Making Connections, Seeing Things Differently
Karen O'Donnell, 55
Documentary filmmaker, Toronto, Ontario
"Part way into the making of A Mind Like Mine," says O'Donnell, "I realized, 'Maybe I'm actually going to be in this film.'" Sure enough, in 2008, while making her second film about her son's ADD, O'Donnell herself was diagnosed, on camera, at 52.
When her son, 19-year-old Kail, learned about his mom's diagnosis, "He started putting the pieces together. He said that, in many ways, he felt that my ADD made things worse because I complicated matters for him. On the other hand, he felt more comfortable with himself. Until I was diagnosed, I don't think he accepted his ADD."
O'Donnell had begun wondering about her own ADD about two months before starting production on A Mine Like Mine. She'd been on a camping trip with her family, and "in four days, I lost my car keys three times," she says. "I wasn't overwhelmed or distracted, so the fact that I continued to lose my keys for no apparent reason upset me."
When the late Atilla Turgay, M.D., a psychiatrist O'Donnell had interviewed for A Mind Like Mine, suggested that she might have ADD herself, "I took a breath of relief," says O'Donnell. "I knew my suspicions were correct."
Being forgetful and having trouble prioritizing have plagued O'Donnell all her life. "I will never be able to manage my time on my own," says O'Donnell. "I try to pack so much into each minute." Because her film career requires managing logistics, O'Donnell uses various time management strategies to deal with her ADD. She works with a team to keep herself on track, and builds in extra time for projects, so she can meet deadlines.
Time management has been a challenge in O'Donnell's friendships, as well. "But my friends have it figured out," she says. "They trick me by giving me false timelines."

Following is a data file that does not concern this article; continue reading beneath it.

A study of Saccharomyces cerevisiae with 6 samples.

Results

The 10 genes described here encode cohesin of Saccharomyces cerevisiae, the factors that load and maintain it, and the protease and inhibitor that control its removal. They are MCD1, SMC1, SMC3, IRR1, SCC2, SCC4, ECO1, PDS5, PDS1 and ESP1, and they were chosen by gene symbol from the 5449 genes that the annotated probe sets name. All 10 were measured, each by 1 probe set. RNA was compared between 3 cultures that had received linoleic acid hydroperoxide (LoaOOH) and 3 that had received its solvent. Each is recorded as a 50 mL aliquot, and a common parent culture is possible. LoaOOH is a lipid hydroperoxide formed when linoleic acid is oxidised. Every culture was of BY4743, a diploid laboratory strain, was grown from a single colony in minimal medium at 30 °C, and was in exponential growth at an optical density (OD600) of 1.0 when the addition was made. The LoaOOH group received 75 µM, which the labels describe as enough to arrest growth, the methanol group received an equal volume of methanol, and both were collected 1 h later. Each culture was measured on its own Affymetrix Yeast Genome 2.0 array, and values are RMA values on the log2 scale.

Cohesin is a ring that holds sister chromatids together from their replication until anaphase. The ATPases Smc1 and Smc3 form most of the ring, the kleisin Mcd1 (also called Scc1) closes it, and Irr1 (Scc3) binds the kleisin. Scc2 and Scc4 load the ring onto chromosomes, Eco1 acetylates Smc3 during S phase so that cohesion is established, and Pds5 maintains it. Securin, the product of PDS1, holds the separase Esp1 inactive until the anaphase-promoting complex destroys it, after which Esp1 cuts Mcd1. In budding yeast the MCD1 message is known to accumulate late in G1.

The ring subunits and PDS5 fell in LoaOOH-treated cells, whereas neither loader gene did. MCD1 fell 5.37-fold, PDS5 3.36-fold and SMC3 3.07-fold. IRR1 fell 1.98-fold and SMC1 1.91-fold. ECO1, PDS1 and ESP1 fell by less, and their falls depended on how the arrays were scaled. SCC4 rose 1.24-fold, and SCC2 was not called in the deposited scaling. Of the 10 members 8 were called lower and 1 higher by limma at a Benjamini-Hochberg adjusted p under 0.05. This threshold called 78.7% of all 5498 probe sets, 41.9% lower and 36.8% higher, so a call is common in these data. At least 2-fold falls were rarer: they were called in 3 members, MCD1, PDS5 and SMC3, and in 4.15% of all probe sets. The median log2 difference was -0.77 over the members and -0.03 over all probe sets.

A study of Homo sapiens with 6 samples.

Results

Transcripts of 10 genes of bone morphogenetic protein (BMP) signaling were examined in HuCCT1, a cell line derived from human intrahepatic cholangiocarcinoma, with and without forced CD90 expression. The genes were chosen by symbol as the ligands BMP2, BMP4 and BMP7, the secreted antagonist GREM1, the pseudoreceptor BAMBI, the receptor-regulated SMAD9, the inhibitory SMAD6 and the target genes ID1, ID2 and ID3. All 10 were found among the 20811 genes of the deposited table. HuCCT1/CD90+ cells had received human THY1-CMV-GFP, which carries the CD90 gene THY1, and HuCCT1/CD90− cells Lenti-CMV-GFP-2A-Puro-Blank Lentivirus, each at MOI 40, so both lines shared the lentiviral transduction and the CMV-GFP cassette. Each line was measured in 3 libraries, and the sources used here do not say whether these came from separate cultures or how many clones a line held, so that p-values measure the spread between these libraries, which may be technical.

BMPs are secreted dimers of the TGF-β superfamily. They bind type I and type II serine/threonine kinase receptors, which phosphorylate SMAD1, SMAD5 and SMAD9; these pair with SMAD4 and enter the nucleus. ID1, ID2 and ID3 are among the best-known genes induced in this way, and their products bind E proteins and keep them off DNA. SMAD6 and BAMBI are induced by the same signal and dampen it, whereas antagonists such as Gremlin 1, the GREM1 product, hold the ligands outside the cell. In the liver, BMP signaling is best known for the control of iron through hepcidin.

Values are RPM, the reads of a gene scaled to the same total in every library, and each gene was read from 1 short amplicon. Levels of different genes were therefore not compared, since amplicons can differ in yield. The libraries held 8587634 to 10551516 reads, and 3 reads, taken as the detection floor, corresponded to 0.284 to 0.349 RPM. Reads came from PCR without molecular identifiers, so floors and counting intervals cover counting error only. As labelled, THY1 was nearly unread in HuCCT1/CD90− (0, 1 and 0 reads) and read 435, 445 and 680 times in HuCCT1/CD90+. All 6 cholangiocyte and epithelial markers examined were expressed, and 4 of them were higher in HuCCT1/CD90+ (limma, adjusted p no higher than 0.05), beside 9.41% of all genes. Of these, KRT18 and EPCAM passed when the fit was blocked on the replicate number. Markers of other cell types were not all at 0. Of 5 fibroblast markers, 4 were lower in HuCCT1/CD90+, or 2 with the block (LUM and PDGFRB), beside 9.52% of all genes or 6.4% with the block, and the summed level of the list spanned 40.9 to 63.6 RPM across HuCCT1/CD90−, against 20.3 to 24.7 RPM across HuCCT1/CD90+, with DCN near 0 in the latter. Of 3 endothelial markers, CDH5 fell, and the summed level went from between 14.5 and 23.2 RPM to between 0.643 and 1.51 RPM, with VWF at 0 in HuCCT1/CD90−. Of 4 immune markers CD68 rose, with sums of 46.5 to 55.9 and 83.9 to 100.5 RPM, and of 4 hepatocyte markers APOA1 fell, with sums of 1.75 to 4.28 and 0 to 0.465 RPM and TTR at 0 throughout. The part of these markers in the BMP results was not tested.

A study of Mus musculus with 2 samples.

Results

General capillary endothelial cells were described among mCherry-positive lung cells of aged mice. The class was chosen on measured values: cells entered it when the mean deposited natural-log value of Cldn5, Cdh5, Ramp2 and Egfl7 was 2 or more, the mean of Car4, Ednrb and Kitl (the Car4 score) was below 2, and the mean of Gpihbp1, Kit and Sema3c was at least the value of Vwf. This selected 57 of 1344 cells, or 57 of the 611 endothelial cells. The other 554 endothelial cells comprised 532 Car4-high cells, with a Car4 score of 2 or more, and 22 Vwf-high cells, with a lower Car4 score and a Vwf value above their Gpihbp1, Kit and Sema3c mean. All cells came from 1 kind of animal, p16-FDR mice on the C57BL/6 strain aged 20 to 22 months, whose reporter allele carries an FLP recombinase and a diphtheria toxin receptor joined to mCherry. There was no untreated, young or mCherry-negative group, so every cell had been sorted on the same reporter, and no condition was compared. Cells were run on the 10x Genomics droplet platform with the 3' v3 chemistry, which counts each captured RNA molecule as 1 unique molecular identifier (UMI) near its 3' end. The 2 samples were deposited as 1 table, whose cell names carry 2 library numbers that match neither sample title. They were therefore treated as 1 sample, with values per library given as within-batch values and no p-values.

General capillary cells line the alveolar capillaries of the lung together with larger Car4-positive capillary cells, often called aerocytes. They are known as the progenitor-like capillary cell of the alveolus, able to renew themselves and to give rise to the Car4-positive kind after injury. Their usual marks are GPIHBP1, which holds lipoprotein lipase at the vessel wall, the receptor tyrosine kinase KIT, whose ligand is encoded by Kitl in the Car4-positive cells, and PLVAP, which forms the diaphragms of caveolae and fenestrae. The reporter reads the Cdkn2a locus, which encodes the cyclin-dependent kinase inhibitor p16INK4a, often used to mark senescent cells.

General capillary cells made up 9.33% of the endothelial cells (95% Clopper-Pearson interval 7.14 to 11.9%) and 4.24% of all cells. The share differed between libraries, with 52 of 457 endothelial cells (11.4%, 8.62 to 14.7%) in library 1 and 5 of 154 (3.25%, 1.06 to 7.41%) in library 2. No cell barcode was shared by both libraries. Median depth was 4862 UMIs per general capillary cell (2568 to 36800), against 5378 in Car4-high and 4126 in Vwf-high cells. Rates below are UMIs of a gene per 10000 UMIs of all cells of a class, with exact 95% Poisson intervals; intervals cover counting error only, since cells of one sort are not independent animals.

O'Donnell uses the buddy system to keep herself on track. "One friend has problems with clutter, so we barter our services," explains O'Donnell. "I'll say, 'I can take an hour this week [to help you]. Would you take 15 minutes to go over my scheduling, and check on my progress?'"
"Try to be honest about your strengths and weaknesses," says O'Donnell. On the other hand, she adds, "Don't be too hard on yourself."
Debbie Young, 56
Visual artist, Ellensburg, Washington
An award-winning artist, Debbie Young has had work commissioned in Washington, D.C., and is exhibited nationally. Young earned her bachelor's degree, with majors in fine art and anthropology, from Washington University. Inspired by the natural beauty of the Cascade Mountains of Washington State, Young incorporates wood and stone into her eye-catching sculptures, and creates textural abstract paintings.
As an artist, Young feels that ADD has been an advantage. "I'm always making different connections," she says, "seeing things in ways other people don't see." In her career, Young has changed mediums, experimenting with painting, photography, drawing, and sculpture. "It's been a good thing, but it's also been hard, because I haven't gone as deep as I would like in certain directions with my work."
Young's life took a turn when she found herself swamped with commissions, while caring for her terminally ill sister. Taking time off to regroup, she and her husband bought a farm in Ellensburg, Washington.
Instead of working in her studio, Young tended goats and gardens. But she missed the work she did as a full-time artist. "Prior to my diagnosis, I had done years of talk therapy," she says, and it helped her notice when her life got out of control. "As early as grade school, I wrote an essay titled 'The Different Child.' I've spent my life wondering, Why aren't the pieces fitting together?" After she had diagnosed herself, Young told her therapist that she thought she had ADD. "I just wanted to be evaluated to get another perspective," says Young. In 2011, at 55, she was formally diagnosed.
Young struggles to deal with her ADD symptoms."I'm always getting lost in conversations," she says. "When something's important, like directions, or something that has to do with a sequence, I can't follow it. I can't hear the information and store it."
Friendships are difficult for Young. "I don't maintain them. I've lost friends by not keeping in touch." On the other hand, Young enjoys spending time alone or with her goats. "I can entertain myself," she says, "and I'm happy."
These days, Young is learning all she can about ADD by reading books, and she is benefiting from the routines in her life, like milking the goats every day. She's also taking a structured approach to her art. "My mind works rapid-fire," says Young. "Farming requires that I slow down enough to perform my daily tasks. It's been one of the hardest things I've had to do, but I'm doing it. And my art benefits from it: By slowing down, I'm getting a lot of inspiration from the things I see."
This article appears in the Summer 2012 issue of ADDitude.